We’re starting a new series this week about how different churches in the synod are joining in God’s mission in the world. This week we hear from Jane Simmons how Heath Church in Halifax have employed a Parish Nurse – and if you don’t know what one of those is, read on!


Exploring which way to go

Back in 2015, the Halifax Group of URCs Secretaries’ meeting was thinking about mission. I attended a Cinnamon Network event that was showcasing a range of mission ideas and I returned enthused about one that I thought would be a great fit with our group. The response told me that was not what God thought! Then came an email introducing Parish Nursing.

This seemed so right for Heath. Our Local Ward Profile showed that our locality had a high number of residents aged 70+, and a high proportion living alone. I was also supporting my mother in her health and care needs at the time, and realised how hard it must be for those without local family support. I felt strongly that this was what God was calling us to do at Heath URC, and the Church Meeting unanimously agreed.


“I just didn’t know who to turn to, but the Parish Nurse supported us and guided us through the system. Thankyou!”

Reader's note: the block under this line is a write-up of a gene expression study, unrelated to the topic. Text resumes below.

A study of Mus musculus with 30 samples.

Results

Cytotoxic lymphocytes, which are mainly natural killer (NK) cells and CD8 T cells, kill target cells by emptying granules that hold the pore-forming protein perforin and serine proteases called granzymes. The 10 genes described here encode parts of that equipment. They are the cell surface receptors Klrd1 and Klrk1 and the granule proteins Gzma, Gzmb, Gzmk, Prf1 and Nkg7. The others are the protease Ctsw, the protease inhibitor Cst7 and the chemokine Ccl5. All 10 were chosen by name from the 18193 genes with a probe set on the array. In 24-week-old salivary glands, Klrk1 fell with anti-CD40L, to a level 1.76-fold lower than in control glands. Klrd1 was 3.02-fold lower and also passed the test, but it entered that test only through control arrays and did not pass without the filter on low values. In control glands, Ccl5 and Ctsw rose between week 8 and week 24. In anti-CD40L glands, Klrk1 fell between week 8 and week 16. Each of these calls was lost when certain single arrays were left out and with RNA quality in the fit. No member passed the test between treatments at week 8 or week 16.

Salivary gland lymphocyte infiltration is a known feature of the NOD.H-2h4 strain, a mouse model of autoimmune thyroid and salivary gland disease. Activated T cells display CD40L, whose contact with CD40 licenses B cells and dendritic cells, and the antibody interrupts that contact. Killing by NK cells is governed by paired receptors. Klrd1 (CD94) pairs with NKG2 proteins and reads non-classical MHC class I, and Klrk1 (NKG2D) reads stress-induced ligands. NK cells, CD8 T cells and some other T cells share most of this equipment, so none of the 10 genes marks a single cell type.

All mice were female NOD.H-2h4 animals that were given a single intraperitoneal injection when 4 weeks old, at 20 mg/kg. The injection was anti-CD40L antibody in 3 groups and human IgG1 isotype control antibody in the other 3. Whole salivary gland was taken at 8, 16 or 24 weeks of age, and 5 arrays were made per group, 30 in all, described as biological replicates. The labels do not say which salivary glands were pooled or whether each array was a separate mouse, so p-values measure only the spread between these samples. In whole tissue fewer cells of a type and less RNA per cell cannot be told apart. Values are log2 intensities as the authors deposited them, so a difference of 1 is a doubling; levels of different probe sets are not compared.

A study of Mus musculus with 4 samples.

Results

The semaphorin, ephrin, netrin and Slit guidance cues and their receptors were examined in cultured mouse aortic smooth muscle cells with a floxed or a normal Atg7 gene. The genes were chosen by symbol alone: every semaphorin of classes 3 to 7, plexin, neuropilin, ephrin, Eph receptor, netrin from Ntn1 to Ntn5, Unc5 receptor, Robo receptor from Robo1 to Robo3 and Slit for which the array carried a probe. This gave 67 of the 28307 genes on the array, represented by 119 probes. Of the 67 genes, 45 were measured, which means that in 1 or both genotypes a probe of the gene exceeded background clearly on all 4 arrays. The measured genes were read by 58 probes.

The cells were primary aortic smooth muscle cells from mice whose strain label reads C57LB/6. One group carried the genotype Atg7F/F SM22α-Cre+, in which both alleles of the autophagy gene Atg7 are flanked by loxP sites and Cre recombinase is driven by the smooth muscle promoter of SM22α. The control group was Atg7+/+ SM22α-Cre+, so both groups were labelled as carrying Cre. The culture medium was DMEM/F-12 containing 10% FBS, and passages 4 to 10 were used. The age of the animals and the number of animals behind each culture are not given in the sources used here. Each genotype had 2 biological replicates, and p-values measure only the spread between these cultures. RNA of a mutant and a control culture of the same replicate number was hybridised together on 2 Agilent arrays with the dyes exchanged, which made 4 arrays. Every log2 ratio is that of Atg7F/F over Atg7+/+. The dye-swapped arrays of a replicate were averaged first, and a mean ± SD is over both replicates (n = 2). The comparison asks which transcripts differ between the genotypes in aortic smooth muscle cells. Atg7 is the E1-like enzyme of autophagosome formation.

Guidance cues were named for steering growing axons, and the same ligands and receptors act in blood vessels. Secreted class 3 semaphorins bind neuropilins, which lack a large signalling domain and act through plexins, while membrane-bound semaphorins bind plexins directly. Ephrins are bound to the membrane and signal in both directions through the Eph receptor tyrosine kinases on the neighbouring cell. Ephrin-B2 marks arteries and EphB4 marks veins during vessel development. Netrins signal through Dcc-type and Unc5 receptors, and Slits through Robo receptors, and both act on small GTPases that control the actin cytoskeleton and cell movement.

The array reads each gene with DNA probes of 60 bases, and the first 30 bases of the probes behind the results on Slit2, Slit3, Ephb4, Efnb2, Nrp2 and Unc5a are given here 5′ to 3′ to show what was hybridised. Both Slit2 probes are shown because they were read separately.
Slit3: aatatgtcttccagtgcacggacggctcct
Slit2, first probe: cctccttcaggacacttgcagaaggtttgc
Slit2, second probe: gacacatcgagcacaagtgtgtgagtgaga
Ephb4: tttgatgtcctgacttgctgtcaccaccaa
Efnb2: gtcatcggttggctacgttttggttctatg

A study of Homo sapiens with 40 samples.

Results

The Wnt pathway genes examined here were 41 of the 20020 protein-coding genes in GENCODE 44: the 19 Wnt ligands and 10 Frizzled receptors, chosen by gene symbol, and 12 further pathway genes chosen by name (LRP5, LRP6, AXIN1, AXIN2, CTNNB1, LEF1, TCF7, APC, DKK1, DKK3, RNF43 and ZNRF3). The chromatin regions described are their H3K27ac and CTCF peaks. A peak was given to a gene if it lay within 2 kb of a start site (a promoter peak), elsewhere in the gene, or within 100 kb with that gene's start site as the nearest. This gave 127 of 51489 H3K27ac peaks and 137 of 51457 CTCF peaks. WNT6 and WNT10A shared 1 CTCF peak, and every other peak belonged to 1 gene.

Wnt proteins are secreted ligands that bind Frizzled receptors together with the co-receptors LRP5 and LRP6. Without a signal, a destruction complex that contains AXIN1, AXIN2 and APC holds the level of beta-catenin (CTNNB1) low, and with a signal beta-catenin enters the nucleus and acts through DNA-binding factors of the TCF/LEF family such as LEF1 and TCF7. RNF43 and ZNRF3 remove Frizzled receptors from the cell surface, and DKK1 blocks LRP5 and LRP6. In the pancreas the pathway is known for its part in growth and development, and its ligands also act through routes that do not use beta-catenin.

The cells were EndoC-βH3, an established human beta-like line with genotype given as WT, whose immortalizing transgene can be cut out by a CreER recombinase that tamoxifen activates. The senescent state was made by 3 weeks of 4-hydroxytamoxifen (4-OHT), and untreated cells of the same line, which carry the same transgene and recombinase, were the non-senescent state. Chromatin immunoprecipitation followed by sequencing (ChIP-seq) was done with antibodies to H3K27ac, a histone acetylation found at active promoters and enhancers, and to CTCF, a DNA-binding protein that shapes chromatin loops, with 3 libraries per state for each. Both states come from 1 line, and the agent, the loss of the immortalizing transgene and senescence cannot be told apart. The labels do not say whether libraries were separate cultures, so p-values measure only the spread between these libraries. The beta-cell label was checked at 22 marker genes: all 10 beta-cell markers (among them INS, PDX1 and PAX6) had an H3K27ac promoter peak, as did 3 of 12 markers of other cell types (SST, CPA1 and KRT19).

(A service user in their 80s)


Taking the next steps…

So I approached Parish Nursing Ministries UK and, with their help, we set up a steering group to prepare a job description and budget etc. We applied for funding from Calderdale Clinical Commissioning Group, but were turned down. In hindsight this has been a relief, as it has meant less demand for target-setting and data-collecting – which is not what Heath’s Parish Nursing Service is really about. However, a successful application to the Yorkshire Synod Mission Fund allowed us to go ahead and advertise the post. But it then took 2 more years to find the right person. In May 2018 we launched Heath’s Parish Nursing Service, just the second URC nationally to have one.



Getting there

Our Parish Nurse, Dawn, works 8 hours a week, almost entirely with older people, in ‘whole person’ health care. This means considering the spiritual, physical, mental and social aspects of their health. These days health and care providers are often overstretched. Dawn can join up the disjointed and fill in the gaps in statutory provision, without duplicating what is the responsibility of others.


“It was refreshing to have a visit from an informed person who also included a spiritual element”
(A service user in their 80s)


She now supports 14 or 15 people a month as well as family and carers, through home visits, consultations in her church office, or by ‘phone, text or email. She helps people to understand and manage their health needs and complete benefit forms; she connects them to other services and support; and she can accompany them to appointments. Dawn also offers spiritual care and support if it is wanted, although people using the service can be of any faith or none. Her work is extremely varied and greatly appreciated by service users and their families and carers.

Jane Simmons (Church Secretary, Heath URC)


If you have a story about what your church is doing to join in God’s mission then let us know.